Kassach was just 12 when she was abducted from her town in southern Ethiopia and forced to marry a much older husband. After years of failed runaway attempts, Kassach successfully escaped, seeking a new life, an education, and a new husband.
Her second marriage gave her two children, but when it ended she was left desperate to earn a living. Kassach migrated to Sudan and then Kuwait to find new opportunities to better support her children.
For nine months, Kassach was exploited as a domestic maid in the Middle East. She worked around the clock – cooking, cleaning, and looking after the children. Yet the mistress of the house refused to pay her.
When Kassach finally demanded her pay – explaining she needed to send money home to her children – the family dragged her to the nearby police station.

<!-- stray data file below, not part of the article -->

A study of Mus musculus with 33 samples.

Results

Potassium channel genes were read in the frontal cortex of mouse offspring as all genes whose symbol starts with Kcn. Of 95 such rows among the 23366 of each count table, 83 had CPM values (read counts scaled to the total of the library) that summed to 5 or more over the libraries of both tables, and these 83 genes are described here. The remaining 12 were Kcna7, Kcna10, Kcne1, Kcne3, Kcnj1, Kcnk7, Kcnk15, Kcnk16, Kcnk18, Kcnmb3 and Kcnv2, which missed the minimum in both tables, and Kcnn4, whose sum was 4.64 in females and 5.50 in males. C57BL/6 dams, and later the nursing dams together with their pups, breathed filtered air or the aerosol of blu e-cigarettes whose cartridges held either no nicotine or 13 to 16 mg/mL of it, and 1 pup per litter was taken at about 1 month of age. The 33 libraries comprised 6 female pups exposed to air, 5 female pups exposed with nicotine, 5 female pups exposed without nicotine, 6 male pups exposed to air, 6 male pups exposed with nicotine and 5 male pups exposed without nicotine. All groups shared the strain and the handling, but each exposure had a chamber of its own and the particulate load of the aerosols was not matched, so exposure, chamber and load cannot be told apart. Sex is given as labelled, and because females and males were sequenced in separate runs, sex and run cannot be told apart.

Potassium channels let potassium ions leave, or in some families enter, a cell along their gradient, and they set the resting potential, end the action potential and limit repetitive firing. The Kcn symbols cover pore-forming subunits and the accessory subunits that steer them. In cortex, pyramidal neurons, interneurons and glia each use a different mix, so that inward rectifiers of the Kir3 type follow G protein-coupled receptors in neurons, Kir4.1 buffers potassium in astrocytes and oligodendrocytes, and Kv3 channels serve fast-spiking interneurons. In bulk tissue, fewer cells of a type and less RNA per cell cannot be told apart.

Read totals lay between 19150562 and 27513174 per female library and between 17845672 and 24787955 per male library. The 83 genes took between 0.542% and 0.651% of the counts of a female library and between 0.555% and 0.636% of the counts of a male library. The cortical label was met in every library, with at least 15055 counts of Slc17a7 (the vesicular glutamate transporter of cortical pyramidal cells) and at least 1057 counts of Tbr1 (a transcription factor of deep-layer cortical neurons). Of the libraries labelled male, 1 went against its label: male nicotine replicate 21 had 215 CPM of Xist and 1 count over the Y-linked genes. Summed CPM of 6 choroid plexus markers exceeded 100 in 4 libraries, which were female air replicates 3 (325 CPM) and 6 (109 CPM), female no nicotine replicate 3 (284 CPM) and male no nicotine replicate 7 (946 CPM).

At the station Kassach was incarcerated and denied food for more than two days. She was then drugged and repeatedly gang-raped by police officers.
When they finally dumped her at a shelter managed by the Ethiopian Embassy in Kuwait, she was suffering severe internal injuries from the rape. She recalls being suicidal by the time the Embassy flew her back to Addis Ababa.
Kassach became pregnant as a result of the rape. She was admitted to a hospital in the Ethiopian capital for treatment of her physical and mental injuries. After months of treatment, Kassach ultimately gave birth to a beautiful baby boy.
Today, Kassach is proud of her two elder children who are both studying at university. Her boy, now 4 years old, is active and healthy. Although she cannot bring back her previous life, she is grateful to AGAR rehabilitation centre for getting her through this difficult time and keeping her alive to care for her children. “I believe that young people can learn from my story,” Kassach says. “There are still people who turn a deaf ear to the risks of going to Middle Eastern countries. I hope my story can help them.”